Day 2

It didn’t matter that the Jimi Hendrix song released on May 12, 1967 was about an entirely different sort of experience.  It was an anthem of a generation that wasn’t preoccupied, not then, with the mundane realities of bosses, jobs, promotions and this very establishment concept of ‘experience’.  It still kept popping up in my aural and visual fields when I first got serious about a post-MBA corporate career in the year 1998.  As though hearing the song everywhere wasn’t enough William Sutcliffe even wrote a book called “Are You Experienced?” in 1998.  I started seeing subway and bus faces hidden behind the covers of this book.

I imagined baby-boomer bosses and hiring managers, now all grown up, sitting in plush chairs behind large desks and asking me in that classic Hendrix way, “Are you experienced?”

My resume could fit on one page in 1998 and because I wasn’t experienced enough the experts suggested I display my MBA education at the very top.  All I heard back then was “experience, experience, you need experience, you don’t have enough experience.”  When I discussed the futility of a day’s efforts with loved ones I used to complain about the dilemma of finding a way to get experienced without being experienced in the first place.

Like all desperate phases that phase passed and I was able to jump from one experience to the next over the next 12 years.  The resume went from a page to three pages, each experience leading to a job that was similar to the one where the previous experience was earned. 

I am older, wiser and more experienced now.   They can’t deny I am experienced.  Except as I stand here, one step poised at the threshold of a very crowded job marketplace, I am learning that “experience” is a perishable commodity with a set shelf life.  By the time you earn enough experience it’s already too late.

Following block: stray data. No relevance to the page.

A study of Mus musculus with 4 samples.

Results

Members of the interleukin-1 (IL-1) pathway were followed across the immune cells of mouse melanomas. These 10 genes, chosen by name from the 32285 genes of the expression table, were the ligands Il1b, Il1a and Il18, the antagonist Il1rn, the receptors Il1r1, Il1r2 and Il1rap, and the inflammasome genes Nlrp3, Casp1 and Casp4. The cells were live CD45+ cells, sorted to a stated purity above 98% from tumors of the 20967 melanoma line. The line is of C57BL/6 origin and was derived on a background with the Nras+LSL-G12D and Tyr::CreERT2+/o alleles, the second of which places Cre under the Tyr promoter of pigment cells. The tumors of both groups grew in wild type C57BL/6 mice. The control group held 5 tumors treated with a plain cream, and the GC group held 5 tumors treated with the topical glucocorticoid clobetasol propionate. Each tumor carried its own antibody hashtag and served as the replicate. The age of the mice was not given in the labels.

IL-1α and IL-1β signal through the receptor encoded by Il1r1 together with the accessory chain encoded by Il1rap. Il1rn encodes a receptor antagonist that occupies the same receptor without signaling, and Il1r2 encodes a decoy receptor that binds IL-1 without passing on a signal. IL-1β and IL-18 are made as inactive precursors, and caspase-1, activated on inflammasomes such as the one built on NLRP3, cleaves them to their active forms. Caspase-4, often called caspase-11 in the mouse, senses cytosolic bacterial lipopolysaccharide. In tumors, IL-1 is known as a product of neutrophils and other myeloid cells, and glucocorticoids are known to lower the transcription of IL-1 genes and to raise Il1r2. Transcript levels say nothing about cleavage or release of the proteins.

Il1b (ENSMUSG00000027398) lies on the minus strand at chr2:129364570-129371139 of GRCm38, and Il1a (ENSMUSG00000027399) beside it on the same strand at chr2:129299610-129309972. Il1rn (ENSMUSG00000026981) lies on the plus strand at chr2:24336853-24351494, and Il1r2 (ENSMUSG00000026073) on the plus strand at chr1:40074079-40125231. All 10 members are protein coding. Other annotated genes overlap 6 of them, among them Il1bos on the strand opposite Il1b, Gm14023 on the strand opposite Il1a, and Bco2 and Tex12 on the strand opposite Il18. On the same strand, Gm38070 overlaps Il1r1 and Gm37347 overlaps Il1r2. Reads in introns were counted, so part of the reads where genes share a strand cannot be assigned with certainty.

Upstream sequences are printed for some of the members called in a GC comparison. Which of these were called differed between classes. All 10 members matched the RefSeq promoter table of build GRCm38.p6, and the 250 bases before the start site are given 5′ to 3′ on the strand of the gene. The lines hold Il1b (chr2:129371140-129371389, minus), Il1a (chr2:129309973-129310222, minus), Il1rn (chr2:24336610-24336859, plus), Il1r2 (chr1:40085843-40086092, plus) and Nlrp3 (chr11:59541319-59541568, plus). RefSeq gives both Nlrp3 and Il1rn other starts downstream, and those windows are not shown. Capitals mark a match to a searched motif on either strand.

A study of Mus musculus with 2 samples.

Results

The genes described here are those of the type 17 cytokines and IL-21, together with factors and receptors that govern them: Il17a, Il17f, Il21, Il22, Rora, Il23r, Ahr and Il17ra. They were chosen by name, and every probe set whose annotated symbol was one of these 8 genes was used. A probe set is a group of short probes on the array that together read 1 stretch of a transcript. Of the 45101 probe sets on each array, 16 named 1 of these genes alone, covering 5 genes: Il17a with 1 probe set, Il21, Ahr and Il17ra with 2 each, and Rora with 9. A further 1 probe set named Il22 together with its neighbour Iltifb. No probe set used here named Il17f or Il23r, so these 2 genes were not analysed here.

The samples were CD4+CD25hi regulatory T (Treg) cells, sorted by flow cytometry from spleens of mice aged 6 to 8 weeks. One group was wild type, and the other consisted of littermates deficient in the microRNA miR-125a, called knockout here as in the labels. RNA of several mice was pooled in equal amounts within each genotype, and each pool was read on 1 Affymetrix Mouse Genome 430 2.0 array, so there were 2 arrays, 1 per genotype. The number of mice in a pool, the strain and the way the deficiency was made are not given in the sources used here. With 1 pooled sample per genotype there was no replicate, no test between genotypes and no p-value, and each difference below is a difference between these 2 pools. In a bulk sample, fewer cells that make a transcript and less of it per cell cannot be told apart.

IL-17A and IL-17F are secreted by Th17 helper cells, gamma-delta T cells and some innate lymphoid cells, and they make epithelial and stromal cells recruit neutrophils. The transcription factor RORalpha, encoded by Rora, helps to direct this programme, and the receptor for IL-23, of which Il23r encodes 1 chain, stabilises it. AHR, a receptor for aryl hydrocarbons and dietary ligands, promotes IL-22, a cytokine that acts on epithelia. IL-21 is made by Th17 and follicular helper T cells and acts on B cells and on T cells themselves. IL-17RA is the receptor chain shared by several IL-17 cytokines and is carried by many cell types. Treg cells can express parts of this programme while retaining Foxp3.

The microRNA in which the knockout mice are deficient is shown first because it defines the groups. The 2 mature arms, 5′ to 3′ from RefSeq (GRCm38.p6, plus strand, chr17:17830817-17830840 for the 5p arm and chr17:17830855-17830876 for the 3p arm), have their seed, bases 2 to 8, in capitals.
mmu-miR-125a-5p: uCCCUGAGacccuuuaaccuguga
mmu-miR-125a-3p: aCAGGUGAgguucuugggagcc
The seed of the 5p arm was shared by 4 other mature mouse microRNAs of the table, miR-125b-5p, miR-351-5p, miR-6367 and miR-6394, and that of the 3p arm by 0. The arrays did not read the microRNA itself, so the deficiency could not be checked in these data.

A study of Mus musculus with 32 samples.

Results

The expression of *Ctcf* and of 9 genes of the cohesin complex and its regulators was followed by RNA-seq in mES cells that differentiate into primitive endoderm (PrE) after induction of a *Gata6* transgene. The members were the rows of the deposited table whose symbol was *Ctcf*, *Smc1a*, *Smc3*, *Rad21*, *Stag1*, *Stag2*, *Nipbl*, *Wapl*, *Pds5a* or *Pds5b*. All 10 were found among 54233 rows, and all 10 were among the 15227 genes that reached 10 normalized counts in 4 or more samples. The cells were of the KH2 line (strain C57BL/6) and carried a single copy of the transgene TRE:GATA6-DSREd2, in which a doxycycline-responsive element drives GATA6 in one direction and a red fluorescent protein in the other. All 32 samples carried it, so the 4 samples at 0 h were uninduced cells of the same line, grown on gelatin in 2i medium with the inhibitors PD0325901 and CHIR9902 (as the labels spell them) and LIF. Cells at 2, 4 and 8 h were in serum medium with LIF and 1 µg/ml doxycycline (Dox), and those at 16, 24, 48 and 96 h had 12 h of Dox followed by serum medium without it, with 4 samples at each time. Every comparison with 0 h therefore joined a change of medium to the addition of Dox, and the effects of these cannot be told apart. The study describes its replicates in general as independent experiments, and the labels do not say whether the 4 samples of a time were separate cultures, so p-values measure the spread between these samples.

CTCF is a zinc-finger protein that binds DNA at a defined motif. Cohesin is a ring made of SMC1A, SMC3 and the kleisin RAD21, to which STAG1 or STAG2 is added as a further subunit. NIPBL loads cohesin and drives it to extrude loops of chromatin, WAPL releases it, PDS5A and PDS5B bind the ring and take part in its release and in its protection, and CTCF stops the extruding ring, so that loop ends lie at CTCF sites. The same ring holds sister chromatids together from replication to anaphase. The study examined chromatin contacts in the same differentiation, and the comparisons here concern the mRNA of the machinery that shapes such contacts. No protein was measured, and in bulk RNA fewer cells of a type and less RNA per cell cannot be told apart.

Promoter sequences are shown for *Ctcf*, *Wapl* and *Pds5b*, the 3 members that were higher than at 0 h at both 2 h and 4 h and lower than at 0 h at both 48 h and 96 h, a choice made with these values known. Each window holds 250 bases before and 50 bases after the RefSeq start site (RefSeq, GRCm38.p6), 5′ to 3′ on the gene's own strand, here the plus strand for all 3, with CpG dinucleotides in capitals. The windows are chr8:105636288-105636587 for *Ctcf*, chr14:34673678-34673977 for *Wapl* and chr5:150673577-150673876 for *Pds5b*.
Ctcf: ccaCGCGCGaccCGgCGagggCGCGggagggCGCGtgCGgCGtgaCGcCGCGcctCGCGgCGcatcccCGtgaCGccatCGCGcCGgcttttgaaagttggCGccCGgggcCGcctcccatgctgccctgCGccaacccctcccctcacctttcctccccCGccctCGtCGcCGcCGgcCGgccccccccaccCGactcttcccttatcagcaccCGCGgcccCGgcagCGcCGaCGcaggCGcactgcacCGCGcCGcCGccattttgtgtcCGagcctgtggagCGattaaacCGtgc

Almost like bananas.  You buy them at the supermarket when they still look green.  You leave them in your fruit bowl and watch them as they turn a lighter shade of green and a little yellow the next day and then you better eat them right away if you have an aversion to the overripe, very yellow and soft-on-the-inside kind, the kind that’s only good enough to be mashed up for banana bread.  Yes indeed, an experienced person is exactly like an overripe banana that no one wants…unless they love banana bread.

My friends in the recruitment industry are telling me that I am too old to sell myself based on education alone and selling myself on 22 years of steadily growing experience ages me and makes me look too old and too overqualified.  I am now asked to make some changes to the resume where I look as though I only have a few strong years of relevant experience.

Well, no problem.  I’ll get working on that right away.  I am still too young to become banana bread.  As I start trimming, restructuring, finding a young and smart looking font and selecting powerful keywords, keeping in mind that the keyword emphasis has shifted from action verbs to hard-hitting nouns during my years of gainful employment, I can’t help but wonder about the absurdity of it all.

There was an article in The New York Times today about a town in Alabama where true to financial predictions the pension fund for town employees ran dry by 2009.  Retirees here stopped getting pension checks.  Some went back to work in their late sixties and others became dependent on the charity of others.  They ran a race all their lives only to hit a dead end, a concrete wall at the end of their race with absolutely no way out.

This is life in all its absurd glory and I am willing to embrace it with all the joie de vivre I possess at this moment. 

Day 2 brought this realization home.  The draft of the new resume is open in another window on this computer.  That window is minimized for the moment, the task is a dreary one and there are too many distractions at home.   I might have to go to the sunny periodicals room of MOPL again to get this done.